The people that work here come from all over the world to achieve one goal: create a better world. HZB institute helps to reach this aim and its beauty is that it shares only a location with Germany, yet here foreign habits, cultures, and languages meet.
These differences define each person and distinguish them from each other. But what is a tradition? What is a habit? A habit is what determines your lifestyle, what you do instinctively and unconsciously. According to Albert Camus, a French philosopher and writer who lived in the first half of the 20th century, human beings live a life that is completely imposed by “l’habitude” (habit, daily-routine). His philosophy arises in one of his most famous books, “L’étranger”, i.e. “The foreigner”. The main character is a French man, Mersault, whose life is completely taken over by “l’habitude”. Together with “l’ennui” (boredom), “l’habitude” is one of the main themes that surfaces page after page and, like a wave, overwhelms Mersault who remains indifferent and passive.
Camus wrote this novel to illustrate his absurdist philosophy. He condemns mankind and his society by making the following point: “L’homme a l’illusion d’être libre mais il est esclave de l’habitude”, i.e.: Human beings think of themselves as free but, in fact, they are slaves to habit.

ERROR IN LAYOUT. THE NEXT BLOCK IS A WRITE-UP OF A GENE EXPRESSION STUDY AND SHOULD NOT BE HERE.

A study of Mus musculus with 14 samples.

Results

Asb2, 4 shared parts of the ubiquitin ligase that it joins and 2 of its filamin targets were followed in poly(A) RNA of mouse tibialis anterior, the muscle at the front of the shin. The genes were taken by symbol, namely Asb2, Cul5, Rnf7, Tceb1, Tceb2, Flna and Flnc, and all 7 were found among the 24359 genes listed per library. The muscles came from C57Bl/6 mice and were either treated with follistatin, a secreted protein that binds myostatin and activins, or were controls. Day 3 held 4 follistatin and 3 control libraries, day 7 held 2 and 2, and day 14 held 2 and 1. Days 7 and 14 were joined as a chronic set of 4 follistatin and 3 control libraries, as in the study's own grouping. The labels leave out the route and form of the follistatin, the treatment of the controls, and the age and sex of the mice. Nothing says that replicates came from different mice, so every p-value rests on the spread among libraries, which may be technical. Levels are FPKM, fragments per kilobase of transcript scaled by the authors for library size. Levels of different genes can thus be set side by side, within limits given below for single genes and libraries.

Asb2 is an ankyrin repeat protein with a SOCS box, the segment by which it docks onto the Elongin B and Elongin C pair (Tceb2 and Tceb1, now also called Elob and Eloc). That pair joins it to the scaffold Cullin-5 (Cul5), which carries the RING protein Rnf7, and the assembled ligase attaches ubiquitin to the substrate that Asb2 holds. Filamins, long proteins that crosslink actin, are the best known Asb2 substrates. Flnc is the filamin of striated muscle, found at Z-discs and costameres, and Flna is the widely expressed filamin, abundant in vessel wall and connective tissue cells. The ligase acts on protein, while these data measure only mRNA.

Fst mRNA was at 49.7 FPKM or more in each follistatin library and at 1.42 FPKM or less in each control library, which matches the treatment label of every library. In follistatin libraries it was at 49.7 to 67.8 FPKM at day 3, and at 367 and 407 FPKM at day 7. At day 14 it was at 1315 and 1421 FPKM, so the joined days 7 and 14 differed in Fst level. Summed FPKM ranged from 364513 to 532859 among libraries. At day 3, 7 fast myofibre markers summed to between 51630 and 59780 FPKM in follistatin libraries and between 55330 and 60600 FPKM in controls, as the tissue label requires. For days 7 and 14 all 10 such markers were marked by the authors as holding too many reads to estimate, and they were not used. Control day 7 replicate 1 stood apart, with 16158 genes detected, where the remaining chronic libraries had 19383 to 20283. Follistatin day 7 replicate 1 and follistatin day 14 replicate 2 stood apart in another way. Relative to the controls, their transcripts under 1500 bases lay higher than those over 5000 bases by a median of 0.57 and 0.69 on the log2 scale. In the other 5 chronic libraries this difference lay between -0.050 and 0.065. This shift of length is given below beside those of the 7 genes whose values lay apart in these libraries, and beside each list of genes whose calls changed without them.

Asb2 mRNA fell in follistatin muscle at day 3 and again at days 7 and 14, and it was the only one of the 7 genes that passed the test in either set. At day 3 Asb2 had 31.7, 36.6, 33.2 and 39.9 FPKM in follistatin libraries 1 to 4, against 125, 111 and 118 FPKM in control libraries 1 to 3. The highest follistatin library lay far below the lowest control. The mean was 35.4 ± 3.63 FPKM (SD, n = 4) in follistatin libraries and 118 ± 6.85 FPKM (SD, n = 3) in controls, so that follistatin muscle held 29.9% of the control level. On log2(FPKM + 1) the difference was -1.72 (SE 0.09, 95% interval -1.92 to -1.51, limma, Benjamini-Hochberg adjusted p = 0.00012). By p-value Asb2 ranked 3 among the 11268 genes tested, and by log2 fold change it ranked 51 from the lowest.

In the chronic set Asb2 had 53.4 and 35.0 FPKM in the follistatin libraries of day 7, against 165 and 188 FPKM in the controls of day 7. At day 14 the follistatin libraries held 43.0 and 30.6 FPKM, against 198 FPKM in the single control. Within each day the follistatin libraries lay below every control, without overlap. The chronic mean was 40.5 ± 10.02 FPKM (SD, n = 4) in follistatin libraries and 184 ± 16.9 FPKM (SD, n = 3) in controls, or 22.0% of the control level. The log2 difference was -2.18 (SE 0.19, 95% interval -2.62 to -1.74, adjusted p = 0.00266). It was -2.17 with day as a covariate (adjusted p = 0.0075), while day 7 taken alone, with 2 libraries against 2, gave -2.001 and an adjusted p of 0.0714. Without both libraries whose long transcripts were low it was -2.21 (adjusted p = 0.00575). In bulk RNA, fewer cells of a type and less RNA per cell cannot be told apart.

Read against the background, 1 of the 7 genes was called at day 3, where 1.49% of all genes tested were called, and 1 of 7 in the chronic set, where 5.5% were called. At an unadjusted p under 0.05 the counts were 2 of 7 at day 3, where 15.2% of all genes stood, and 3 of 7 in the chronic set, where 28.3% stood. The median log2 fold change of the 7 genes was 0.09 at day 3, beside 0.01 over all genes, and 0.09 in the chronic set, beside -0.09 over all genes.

Moreover, people who live without questioning their habits and don’t hold the reins to life are étrangers to themselves. Here this word, that I mentioned at the beginning, foreign, returns, but with a slightly different meaning. Both connotations of the word connect to the same theme that is the habit: on the one hand, you are foreigner of yourself if you follow your habits unconsciously and without critical reflection; but on the other hand, you consider “foreigner” people who do not share your habits.
Camus thinks that life is irrational and he finds reason and rationality only in death, which marks the release of human beings from l’habitude and this nonsensical life. Nevertheless, we need to remember that Camus is one of the most important figures of the absurdist philosophy, after the Second World War. Thus, it is important to place Camus in his historical context to understand his thinking and justify his pessimism.
Furthermore, I think that the solution is to unmask and know all your own habits so that you will not be their slave. Besides, if you look at your habits with critical reflection, no one will be foreigner to you and the concept of foreigner will vanish.
Getting back to the HZB institute, here the word foreigner does not exist and everyone comes here to follow only one aim: find the way to live in a better world where renewable energies are the new energy source.